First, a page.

The changes involved in the new process for cancelling electronic invoices in Mexico are not trivial. There are major ramifications for both accounts payable (AP) and accounts receivable (AR) operations.
The new mandate, which fixes a major gap in Mexico’s e-invoicing policy, is aimed at enabling the SAT, the Mexican tax authority, to recover money lost through unjustified or fraudulent cancellations. For companies doing business in Mexico, is ushers in a host of new functional requirements.
Bringing buyers into the Mexican e-invoicing process
Under the old system, companies could cancel e-invoices unilaterally, without notifying the other parties involved. As such, they could avoid paying some income taxes by hiding revenue. On the other side, meanwhile, customers that paid for the goods or services could not deduct the expense of value-added tax (VAT) paid as they normally would.
The new mandate brings buyers of goods and services directly into the cancellation process. Sellers must send a notification to their clients before cancelling an invoice. In turn, the client must accept or reject the cancellation either via the SAT portal or through an e-invoicing provider within 72 hours. If the client does not respond, the invoice is cancelled.
New risks for companies handling e-invoices in Mexico
For companies doing business in Mexico, the change in the cancellation process requires making sure that e-invoicing solutions are up to the task of compliance. On the AR side, companies need to be sure that they can submit cancelation requests, validate cancellation status and cancel e-invoices within the parameters of the new system. On the AP side, they need to be able to consult, and to approve or deny, cancellation requests.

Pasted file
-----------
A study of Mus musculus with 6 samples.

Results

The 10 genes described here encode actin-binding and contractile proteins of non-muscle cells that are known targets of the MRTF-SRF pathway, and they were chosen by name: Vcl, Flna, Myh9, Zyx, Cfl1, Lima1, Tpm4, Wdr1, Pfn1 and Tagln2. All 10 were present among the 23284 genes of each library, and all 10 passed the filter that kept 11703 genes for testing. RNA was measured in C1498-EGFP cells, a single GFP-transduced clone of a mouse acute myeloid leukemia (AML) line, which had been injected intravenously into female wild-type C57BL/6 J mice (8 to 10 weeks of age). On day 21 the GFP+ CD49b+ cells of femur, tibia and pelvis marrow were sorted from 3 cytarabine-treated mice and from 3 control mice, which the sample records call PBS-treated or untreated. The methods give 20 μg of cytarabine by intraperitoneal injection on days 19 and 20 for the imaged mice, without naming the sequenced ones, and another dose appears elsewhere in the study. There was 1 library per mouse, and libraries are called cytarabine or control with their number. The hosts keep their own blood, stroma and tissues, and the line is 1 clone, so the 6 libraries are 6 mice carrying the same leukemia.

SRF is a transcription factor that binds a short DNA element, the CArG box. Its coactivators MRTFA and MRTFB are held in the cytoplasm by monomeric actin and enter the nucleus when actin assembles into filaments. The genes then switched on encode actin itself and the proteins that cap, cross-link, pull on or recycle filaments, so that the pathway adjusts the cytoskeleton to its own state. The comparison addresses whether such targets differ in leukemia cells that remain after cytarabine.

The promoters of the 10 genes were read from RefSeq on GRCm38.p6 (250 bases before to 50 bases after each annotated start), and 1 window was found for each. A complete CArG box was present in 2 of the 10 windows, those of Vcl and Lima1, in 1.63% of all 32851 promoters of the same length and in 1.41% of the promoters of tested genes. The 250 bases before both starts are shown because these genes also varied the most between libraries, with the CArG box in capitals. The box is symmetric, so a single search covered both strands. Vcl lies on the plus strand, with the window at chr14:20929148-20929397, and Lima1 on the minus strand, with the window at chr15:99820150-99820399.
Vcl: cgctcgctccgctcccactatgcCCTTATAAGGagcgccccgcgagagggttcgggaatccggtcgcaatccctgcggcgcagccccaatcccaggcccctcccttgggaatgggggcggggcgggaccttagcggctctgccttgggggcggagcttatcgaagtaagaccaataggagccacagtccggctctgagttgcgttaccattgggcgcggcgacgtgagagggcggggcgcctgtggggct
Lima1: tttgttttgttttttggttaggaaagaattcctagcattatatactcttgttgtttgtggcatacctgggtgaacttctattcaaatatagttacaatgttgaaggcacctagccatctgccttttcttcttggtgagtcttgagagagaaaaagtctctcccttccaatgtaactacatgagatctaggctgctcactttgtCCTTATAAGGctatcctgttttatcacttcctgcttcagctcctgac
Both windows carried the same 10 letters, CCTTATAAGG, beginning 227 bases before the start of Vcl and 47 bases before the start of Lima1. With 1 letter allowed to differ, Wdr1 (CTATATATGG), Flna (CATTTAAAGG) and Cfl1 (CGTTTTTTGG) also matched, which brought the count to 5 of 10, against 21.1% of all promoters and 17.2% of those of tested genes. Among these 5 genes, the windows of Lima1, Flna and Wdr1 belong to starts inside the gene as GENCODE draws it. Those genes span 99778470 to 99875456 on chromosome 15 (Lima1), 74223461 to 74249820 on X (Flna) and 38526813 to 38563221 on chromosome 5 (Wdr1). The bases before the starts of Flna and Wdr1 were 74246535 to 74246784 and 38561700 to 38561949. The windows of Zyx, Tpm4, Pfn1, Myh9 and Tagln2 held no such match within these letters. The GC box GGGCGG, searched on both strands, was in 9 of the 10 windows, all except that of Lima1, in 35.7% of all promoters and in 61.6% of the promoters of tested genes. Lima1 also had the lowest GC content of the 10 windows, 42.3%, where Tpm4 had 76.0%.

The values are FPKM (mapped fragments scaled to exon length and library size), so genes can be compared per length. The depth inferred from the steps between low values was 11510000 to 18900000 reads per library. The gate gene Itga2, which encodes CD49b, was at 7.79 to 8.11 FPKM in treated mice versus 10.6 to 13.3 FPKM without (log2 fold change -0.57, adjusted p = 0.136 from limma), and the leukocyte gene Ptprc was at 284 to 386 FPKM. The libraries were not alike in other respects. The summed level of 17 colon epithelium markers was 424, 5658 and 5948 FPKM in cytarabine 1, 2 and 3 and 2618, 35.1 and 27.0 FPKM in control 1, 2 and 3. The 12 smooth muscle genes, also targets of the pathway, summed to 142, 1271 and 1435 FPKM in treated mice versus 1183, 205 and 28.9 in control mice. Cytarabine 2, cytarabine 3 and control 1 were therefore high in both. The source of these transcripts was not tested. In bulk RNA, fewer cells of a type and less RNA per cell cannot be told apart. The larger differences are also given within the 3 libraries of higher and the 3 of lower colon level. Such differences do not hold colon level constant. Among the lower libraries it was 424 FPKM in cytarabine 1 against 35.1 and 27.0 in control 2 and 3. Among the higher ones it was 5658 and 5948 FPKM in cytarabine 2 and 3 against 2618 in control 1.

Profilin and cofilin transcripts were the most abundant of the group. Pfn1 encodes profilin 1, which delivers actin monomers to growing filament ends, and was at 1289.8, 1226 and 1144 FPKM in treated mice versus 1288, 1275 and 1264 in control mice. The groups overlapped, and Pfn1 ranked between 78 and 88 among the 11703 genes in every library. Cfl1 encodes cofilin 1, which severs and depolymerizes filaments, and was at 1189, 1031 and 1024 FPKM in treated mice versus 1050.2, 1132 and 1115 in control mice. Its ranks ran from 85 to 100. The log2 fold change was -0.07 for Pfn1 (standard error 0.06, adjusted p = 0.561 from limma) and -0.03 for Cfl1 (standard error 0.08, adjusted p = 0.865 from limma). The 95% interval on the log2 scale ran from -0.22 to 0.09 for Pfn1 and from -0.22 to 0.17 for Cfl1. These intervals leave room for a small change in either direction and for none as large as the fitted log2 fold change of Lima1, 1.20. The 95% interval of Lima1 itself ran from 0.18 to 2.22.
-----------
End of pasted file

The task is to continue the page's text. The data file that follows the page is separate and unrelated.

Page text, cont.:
For AP operations, the ability to approve or deny requests is especially important. This new wrinkle in e-invoicing policy is what enables them to deduct VAT expenses when appropriate, making the new process a potential cashflow issues for organizations. Mishandling cancellation approvals can lead directly to unnecessary costs. AP users need to be able to manage cancellations requests while avoiding the risk of manual error, fines and penalties, and disputes with business partners.
Failure to master e-invoicing cancellations could also leave AR departments exposed to fines and penalties that were less of a risk before the new mandate went into effect. The SAT has further inserted itself into business relationships between buyers and sellers, and companies need to be in compliance in order to keep those relationships, as well as their communication with the government, running smoothly.